THIS JUST IN! – Homies – Dynamite Comics


This week we are touching on the title Homies by Dynamite Comics. Written by David Gonzalez and Elliott Serrano, with Andrew Huerta providing the internal artwork, this comic seemed interesting and a bit wacky all at the same time. It caught my eye enough to try it, but I had no idea what to be prepared for.

Homies is the story of Hollywood (the all time playa of the Homies line) and his marriage to Gata (his sweet little hunny, oh jesus what am I saying…) with the first issue going through the wedding. The comic is entirely based on the small little plastic figures from 1998 (still available to purchase from the little vending machines) and introduces most of them into the wedding issue. Even though there is not much introduction for like eighty percent of them, it still shows their design so people can know they will be there.


The comic takes place over the course of the two trying to get married while everything around them goes to hell. From their ring bearer trying to pawn their wedding rings for an iPad, to immigration arresting most of the wait staff as illegals, all the way to a leaked photo of the groom sleeping with a hooker the night before at his bachelor party. I mean, how could this wedding go any worse than it did? I mean without finding out your cousin slept with your wife before hand. That could be one way.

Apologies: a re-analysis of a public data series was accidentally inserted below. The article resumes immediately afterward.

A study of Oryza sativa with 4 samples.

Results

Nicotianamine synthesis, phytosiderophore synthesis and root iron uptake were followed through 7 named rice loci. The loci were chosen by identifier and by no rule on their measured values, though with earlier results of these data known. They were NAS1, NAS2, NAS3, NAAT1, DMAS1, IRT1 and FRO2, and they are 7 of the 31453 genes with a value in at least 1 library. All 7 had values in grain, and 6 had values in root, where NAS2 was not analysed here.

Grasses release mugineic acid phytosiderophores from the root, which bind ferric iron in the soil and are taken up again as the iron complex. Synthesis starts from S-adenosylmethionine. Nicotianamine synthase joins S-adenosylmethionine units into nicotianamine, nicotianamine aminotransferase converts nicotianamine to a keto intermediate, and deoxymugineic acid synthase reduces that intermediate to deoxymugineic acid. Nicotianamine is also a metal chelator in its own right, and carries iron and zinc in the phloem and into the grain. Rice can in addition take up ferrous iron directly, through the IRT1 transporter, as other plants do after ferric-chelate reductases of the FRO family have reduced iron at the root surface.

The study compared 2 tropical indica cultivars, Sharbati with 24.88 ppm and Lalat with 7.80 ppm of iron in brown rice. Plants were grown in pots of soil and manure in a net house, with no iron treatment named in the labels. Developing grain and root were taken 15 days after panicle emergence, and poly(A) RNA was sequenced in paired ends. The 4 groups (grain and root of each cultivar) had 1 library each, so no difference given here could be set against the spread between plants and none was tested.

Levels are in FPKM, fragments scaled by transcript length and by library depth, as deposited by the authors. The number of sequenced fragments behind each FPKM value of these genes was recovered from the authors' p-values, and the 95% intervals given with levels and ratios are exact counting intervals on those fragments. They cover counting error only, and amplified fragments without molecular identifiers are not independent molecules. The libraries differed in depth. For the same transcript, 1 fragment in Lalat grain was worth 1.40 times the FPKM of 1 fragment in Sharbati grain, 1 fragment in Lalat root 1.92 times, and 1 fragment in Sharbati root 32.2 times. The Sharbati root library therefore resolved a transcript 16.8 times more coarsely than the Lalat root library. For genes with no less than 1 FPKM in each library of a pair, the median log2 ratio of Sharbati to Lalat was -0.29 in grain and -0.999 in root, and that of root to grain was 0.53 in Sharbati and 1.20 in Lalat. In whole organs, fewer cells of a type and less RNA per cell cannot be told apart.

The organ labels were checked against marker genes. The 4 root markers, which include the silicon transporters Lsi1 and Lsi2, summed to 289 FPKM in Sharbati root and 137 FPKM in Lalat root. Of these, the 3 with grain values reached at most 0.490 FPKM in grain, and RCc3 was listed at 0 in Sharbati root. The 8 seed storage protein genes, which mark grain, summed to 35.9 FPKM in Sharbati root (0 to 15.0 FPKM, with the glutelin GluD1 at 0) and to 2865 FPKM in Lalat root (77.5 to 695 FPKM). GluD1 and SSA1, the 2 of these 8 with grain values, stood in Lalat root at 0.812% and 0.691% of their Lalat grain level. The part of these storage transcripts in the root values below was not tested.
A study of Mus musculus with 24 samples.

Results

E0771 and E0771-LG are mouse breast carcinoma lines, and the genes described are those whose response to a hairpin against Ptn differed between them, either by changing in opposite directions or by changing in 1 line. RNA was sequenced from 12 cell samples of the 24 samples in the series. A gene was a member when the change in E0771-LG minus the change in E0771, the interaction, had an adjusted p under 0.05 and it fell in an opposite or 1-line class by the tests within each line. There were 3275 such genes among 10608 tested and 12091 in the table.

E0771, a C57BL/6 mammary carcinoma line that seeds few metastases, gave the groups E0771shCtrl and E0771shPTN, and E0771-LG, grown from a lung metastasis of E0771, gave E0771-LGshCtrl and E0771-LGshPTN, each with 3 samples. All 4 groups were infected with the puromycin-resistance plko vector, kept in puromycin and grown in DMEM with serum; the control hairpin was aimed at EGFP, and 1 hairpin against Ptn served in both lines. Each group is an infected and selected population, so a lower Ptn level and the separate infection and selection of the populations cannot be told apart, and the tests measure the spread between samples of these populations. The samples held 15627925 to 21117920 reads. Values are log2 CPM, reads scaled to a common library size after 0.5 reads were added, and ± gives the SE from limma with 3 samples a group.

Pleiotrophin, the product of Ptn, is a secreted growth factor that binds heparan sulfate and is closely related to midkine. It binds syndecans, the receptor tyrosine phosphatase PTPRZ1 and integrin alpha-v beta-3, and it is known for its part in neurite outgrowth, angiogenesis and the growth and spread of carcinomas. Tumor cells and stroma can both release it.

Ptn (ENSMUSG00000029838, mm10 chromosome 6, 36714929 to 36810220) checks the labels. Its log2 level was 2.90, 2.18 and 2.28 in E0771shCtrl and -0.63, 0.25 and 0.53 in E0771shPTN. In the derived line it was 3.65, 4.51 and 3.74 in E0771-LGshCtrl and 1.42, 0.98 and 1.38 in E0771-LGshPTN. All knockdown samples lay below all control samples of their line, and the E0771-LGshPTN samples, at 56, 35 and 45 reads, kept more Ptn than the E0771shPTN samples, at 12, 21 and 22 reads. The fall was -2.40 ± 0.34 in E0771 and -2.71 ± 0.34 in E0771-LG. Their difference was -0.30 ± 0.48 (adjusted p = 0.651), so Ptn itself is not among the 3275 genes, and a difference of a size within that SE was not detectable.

The writing is fairly simplistic, and did not add anything original to the table. I felt there was a lot of touches on borderline racist comments and personalities of the Latin people, basically turning them into the absolute outlandish versions of generic gangsters. The slut, the gang banger, the muscle, etc, all included as it is with any comic that contains a gang. Nothing original about the characters.

The artwork is alright, it makes you feel like the characters are made specifically to be over the top, all over the place, and not too be taken seriously. The artwork is dirty, with almost no straight lines being used, and some rudimentary coloring in the comic. It does not feel up to par to be included in a title by one of the big five, but it works for the story that is being told.


Everything about this comic is a bit off, from start to finish. I did finish reading it, and I am glad I at least gave it a chance, but I am fairly certain that I will not be searching this title out again in the future. For anyone who actually collected the Homie’s toys, this is actually a really good addition to the collection, as you would recognize the characters and know what they are all supposed to be about.